Wayne is making sure his family business continues well after his retirement and he is making sure gender is not an issue. Amy, his daughter, said she and her siblings are ready to take on the challenge.

Wayne is making sure his family business continues well after his retirement and he is making sure gender is not an issue.


Amy Hutchinson was living in Byron Bay, working as a chef, when the COVID-19 pandemic
started disrupting health and livelihoods. With the hospitality industry, among many others, hit hard Amy had some decisions to make.

“I’d sort of realised that being a chef wasn’t for me anymore anyway and then the industry
took a massive hit.

I decided to move back to Melbourne where all of my family and friends are, and then the
opportunity came up where Dad asked if I wanted to start working with him, so the timing
was perfect,” she says.

Amy’s father is Wayne Hutchinson, Director of Tullamarine Plumbing and Drainage, the business his father Jim established in 1987.

“It’s always been a family business, originally it was my father, my brother and myself,” says Wayne.

“Sadly, my brother passed away 12 years ago and Dad is retired now, he hung the boots up about 15 years ago. So, it’s just been me for a while, but I’ve got the kids involved now.

My son is involved in doing the estimating and my other daughter is in the office doing accounts.”

Amy adds that Wayne and her mother actually met through the business.

“My mum’s dad was working for my dad’s dad, and even my grandfather on the other side was a plumber so the industry has always been a massive part of my life,” she says.

Prior to COVID, Amy’s career had taken her from office work to seasonal work at the snow, but says she always had an interest in joining the industry she grew up around.

“I remember wanting to do plumbing out of high school but back then it was not common whatsoever for women to be in trades, so I was deterred at the time.

I remember as a kid when all the job sites were shut over Christmas, the big crazy machinery would come to our place and as kids we were in awe of it!”

The business undertakes all types of hydraulic service projects, ranging from design and construct to construct only projects and commercial maintenance work.

Previous clients include Brighton’s Cabrini Hospital, Parliament House and the  redevelopment of Melbourne’s Pentridge complex, including a shopping centre, Palace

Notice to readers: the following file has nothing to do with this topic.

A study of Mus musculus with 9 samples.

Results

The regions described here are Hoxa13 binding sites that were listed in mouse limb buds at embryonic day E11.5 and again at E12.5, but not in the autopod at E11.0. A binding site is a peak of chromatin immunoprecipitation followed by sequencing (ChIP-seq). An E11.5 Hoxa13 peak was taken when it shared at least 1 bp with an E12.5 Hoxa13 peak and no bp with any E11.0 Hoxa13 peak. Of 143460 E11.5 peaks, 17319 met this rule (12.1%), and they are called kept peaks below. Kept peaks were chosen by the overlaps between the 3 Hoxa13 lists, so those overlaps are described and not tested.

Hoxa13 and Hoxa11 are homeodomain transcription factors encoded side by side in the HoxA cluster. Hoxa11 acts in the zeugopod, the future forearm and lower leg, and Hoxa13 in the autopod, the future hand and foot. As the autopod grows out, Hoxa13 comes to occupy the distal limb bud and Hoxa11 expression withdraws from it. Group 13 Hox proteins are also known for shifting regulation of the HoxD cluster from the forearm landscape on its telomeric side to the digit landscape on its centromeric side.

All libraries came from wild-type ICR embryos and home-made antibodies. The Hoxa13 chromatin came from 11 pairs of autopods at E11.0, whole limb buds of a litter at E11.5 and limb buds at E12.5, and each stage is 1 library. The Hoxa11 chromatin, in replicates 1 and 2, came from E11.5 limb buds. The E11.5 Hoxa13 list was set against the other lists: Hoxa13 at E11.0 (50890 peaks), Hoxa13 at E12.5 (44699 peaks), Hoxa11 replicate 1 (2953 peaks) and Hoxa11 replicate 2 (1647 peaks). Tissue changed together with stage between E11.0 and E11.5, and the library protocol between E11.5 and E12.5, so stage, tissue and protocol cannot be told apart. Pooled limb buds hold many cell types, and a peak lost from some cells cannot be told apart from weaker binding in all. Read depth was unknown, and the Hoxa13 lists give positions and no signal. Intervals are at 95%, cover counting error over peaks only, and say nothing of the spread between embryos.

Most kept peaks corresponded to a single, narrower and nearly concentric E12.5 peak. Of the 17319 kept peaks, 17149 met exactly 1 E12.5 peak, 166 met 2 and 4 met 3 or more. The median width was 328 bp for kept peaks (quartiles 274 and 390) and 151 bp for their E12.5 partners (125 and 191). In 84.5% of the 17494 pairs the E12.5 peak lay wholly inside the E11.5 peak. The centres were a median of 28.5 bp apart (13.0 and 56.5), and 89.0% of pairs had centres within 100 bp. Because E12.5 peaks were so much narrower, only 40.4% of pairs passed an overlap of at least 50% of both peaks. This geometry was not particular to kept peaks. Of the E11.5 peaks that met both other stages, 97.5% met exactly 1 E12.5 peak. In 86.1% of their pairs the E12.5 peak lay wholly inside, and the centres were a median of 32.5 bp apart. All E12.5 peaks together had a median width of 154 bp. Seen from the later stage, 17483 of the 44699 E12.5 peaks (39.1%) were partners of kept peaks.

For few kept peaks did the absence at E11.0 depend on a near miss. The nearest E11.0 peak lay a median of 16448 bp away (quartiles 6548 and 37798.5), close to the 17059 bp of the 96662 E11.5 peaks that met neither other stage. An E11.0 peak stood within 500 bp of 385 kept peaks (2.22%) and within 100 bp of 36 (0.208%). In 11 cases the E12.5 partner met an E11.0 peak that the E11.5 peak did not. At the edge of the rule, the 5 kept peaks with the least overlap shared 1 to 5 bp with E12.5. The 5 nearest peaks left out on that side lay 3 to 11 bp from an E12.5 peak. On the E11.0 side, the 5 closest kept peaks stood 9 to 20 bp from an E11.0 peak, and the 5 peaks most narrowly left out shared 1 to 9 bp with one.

Cinemas and the recently opened Adina Hotel.

“We pretty much offer everything apart from roofing and mechanical work. Our team varies from 20 to 40 depending on how much work we’ve got going on at the time,” says Wayne.

Amy admits that some of the apprehension she felt as a teenager was still there when she
commenced her apprenticeship.

“I guess I thought it would be a bit scary, basically not that welcoming for women. I remember one of the guys didn’t want me to lift the ladder, didn’t want me get into the
trench, and one of the foremen said to him ‘she wants to be a plumber, so she’s got to work!’.

“That’s changed over time and I’m definitely just Amy now. I know when I have to ask for help, like if something’s a bit too heavy, that there’s no shame in it. Everyone was much more welcoming and helpful than I could have imagined.”

Amy has also been supported by Master Plumbers’ Women in Plumbing program, which
connected her with a network of other women in the industry.

“It’s been a really positive experience meeting other women in plumbing, as you don’t see that many girls out on site. There’s a group of us and it’s really good catching up for a drink and being able to have a chat about how we’re going,” she says.

Wayne hopes that his daughter’s positive experience can help to encourage other women to consider a career in plumbing.

“I knew that she was starting in an industry that’s dominated by men but things are changing now - you see more women in trades … from plumbers to electricians and
other jobs, and in general women are more accepted than they’ve been before,” he says.

Amy recently completed her Journeyman’s Exam and says the family is already considering a succession plan to ensure Tullamarine Plumbing and Drainage becomes a third-generation business.

“We are thinking that eventually my siblings and I will take the reigns when Dad’s ready to retire,” she says.

“She’s going to come into the office for probably 12 months and get a bit of experience in estimating and whatnot to help her round out her skills. It’s great to think that the kids will be able to take over one day,” adds Wayne.